Many critical theorists talk and write about the day after the revolution, but few have actually participated in the constitution of a revolutionary government. Emeritus Justice Albie Sachs was a freedom fighter for most of his life. He then played a major role in the negotiating committee for the new constitution of South Africa, and was subsequently appointed to the new Constitutional Court of South Africa. Therefore, the question of what it means to make the transition from a freedom fighter to a participant in a revolutionary government is not abstract, in Hegel’s sense of the word, it is an actual journey that Albie Sachs undertook. The essays in this book raise the complex question of what it actually means to make this transition without selling out to the demands of realism. In addition, the preface written by Emeritus Justice Albie Sachs and his interview with Drucilla Cornell and Karin van Marle, further address key questions about revolution in the twentieth- and twenty-first centuries: from armed struggle to the organization of a nation state committed to ethical transformation in the name of justice. Albie Sachs and transformation in South Africa: from revolutionary activist to constitutional court judge illuminates the theoretical and practical experiences of revolution and its political aftermath. With first-hand accounts alongside academic interrogation, this unique book will intrigue anyone interested in the intersection of Law and Politics.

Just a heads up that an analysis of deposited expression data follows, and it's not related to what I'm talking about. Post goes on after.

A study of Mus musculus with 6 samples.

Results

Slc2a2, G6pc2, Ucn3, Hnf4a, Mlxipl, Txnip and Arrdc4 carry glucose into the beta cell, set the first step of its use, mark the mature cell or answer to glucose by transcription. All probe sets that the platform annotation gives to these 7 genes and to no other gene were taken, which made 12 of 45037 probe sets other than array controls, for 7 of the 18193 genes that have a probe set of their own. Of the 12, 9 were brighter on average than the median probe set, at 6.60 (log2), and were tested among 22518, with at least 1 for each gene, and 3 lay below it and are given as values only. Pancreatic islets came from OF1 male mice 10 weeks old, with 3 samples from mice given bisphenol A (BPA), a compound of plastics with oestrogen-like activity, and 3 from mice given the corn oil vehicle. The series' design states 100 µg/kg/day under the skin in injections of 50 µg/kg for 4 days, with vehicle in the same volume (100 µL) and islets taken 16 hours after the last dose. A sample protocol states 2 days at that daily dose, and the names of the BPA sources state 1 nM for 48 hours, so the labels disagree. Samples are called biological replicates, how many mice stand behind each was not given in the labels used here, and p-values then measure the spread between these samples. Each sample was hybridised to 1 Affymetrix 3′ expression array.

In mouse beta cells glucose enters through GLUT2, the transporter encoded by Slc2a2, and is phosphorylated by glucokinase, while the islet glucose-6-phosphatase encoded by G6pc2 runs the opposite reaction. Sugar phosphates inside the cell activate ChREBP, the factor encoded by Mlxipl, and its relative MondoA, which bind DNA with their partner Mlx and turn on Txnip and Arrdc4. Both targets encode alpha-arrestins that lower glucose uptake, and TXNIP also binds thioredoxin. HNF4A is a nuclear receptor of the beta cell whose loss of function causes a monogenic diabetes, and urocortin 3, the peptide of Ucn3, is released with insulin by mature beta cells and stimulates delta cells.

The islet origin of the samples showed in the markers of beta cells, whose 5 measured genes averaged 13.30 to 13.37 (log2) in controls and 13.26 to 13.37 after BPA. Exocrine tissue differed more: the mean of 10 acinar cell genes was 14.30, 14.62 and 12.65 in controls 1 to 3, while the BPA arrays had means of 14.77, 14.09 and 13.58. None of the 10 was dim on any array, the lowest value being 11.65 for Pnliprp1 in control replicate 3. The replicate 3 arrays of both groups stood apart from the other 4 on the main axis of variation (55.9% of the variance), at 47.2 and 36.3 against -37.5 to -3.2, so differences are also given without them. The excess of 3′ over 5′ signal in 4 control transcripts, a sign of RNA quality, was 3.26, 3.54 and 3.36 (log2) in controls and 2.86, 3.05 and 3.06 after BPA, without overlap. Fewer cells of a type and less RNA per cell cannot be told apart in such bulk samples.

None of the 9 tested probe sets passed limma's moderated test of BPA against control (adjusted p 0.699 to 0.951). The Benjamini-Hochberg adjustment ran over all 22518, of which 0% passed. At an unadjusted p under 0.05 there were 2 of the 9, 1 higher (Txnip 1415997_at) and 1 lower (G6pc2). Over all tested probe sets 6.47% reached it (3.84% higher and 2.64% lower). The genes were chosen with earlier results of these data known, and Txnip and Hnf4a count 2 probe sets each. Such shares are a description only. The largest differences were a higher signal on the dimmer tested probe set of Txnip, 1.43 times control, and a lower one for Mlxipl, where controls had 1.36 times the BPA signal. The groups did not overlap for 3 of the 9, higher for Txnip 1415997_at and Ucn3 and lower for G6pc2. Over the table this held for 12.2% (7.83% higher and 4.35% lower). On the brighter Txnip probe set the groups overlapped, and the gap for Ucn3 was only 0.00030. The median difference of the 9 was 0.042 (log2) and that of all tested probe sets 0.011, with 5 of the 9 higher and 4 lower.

This book showcases eight judges that exemplify judicial greatness and looks at what role they play in law and society.
"A literate, informative, vivid, and most poignant account of what happens to a society when it officially insists on a legal order that systematically denies the overwhelming majority of its population the minimum requirements of justice."--Richard A. Falk, professor emeritus of international law at Princeton University
"The democratic moment" is, among other things, a look at the mass forces that swept Jacob Zuma to power in South Africa in 2009 and put an end to the elite politics of the Thabo Mbeki era. Trenchant and provocative, Xolela Mangcu looks at the new configuration of power in South Africa and in the process illuminates such topics as the new black elite, with particular attention to institutions such as the political opposition, the courts and the media. This is a book that will stimulate ideas, provoke discussion, create controversy and help to understand where South Africa stands as a society and a nation.
This volume of essays examines key cutting-edge areas of international refugee law, including strategies for interpretative harmony, the rights of refugees and the standard of proof in complementary protection. Each topic is examined from a theoretical and a practical perspective in order to find solutions to the many legal issues and concerns which currently confront this area of law, and to seek ways to advance the field as a whole.
Essential for students of Theatre Studies, this series of six decadal volumes provides a critical survey and reassessment of the theatre produced in each decade from the 1950s to the present. Each volume equips readers with an understanding of the context from which work emerged, a detailed overview of the range of theatrical activity and a close study of the work of four of the major playwrights by a team of leading scholars. Chris Megson's comprehensive survey of the theatre of the 1970s examines the work of four playwrights who came to promience in the decade and whose work remains undiminished today: Caryl Churchill (by Paola Botham), David Hare (Chris Megson), Howard Brenton (Richard Boon) and David Edgar (Janelle Reinelt). It analyses their work then, its legacy today and provides a fresh assessment of their contribution to British theatre. Interviews with the playwrights, with directors and with actors provides an invaluable collection of documents offering new perspectives on the work. Revisiting the decade from the perspective of the twenty-first century, Chris Megson provides an authoritative and stimulating reassessment of British playwriting in the 1970s.